S&P Global Ratings’ decision to downgrade Envision Healthcare might have been largely overlooked during another busy healthcare news week, but it could prove to be part of one of the biggest stories in healthcare economics.
About Envision – The private equity-backed mega practice employs more than 25k clinicians across hundreds of US hospitals, including roughly 800 radiologists who perform over 10 million reads per year.
The Downgrade – S&P downgraded Envision Healthcare to ‘CCC’ (from CCC+) and assigned it a ‘Negative’ CreditWatch rating, citing the company’s “inadequate” liquidity, a missed financial filing deadline, and a challenging path forward. Envision owes $700M by October 2023 (and more after that), but S&P expects the company to end 2022 with less than $100M in cash, risking more short-term downgrades and bigger long-term disruptions.
The Background – If you’re wondering how Envision found itself in this situation, a recent Prospect.org exposé has some answers (or at least its version of the answers):
- When private equity giant KKR acquired Envision in 2018, it burdened the company with billions in debt, including a $5.3B first-lien term loan due in 2025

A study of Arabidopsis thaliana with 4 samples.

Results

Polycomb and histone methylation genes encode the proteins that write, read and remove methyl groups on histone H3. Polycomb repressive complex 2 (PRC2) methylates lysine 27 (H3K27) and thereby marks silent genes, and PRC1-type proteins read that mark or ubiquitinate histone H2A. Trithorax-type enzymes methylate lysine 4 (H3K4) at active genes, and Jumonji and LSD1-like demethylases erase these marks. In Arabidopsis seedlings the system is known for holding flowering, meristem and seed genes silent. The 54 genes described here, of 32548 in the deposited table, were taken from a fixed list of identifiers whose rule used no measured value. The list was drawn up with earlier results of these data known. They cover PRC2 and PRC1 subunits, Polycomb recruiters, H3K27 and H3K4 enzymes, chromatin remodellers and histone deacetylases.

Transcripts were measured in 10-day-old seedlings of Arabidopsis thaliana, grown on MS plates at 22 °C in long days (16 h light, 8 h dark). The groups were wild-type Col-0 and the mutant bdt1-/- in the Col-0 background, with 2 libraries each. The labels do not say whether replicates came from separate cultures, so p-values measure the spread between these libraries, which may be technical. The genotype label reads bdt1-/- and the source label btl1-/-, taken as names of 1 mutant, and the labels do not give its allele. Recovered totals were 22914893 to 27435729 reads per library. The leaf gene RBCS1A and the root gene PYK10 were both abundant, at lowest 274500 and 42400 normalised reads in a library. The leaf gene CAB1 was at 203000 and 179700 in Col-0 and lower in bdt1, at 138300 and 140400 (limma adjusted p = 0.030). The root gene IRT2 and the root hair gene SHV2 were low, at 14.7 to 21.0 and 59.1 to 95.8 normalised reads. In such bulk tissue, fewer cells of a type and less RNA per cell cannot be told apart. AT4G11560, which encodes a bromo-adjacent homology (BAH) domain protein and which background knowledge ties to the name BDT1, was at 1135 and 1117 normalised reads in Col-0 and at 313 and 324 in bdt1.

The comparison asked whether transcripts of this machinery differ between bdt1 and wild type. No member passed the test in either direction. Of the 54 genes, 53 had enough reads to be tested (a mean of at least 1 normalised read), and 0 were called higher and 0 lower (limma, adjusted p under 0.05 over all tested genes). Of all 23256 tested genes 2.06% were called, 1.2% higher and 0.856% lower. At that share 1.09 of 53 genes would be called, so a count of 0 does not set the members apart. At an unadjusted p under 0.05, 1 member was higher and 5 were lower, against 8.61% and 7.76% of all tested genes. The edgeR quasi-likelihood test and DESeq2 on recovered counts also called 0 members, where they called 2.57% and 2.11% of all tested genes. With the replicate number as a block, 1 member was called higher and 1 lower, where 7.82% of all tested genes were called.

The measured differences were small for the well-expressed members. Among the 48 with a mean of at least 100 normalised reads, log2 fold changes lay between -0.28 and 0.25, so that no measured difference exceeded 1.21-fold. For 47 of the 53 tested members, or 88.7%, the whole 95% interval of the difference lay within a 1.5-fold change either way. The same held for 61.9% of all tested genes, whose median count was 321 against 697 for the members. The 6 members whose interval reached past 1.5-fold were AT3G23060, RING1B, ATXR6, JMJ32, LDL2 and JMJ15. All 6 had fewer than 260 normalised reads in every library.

- KKR’s initial strategy involved keeping most of Envision’s clinicians out-of-network (and earning higher surprise billing rates), but Envision moved many of its physicians in-network amid public backlash and looming legislation
- Ongoing surprise billing legislation spooked investors, causing Envision’s first-lien term loan to trade for 50 cents on the dollar in early 2020, before bouncing back to a somewhat-less-distressed 70-80 cent range later that year
- The COVID pandemic further strained Envision’s finances, as many of its core specialties saw major volume declines (emergency, anesthesiology, radiology, GI, etc.)
- Envision avoided bankruptcy thanks to an estimated $100M CARES Act bailout and help from its creditors
- The final surprise billing legislation turned out to be pretty favorable for Envision, but not as favorable as back in the pre-legislation days
- As of March 2022, Envision’s $5.3B first-lien term loan was still trading in distressed territory (73 cents), and it has other loans to pay off too
The Path Forward – It’s hard to predict how this will work out for Envision, although Prospect.org suggests that it might involve KKR splitting Envision into two companies. One could be saddled with all the debt and destined for bankruptcy, while the other entity (and KKR) could emerge “unscathed.”
For many in healthcare this is a cautionary tale about what can go wrong when private equity influences are combined with an over-reliance on a disputed business model (in this case surprise billing) and a global pandemic. It also makes you wonder if other mega practices are in similar situations.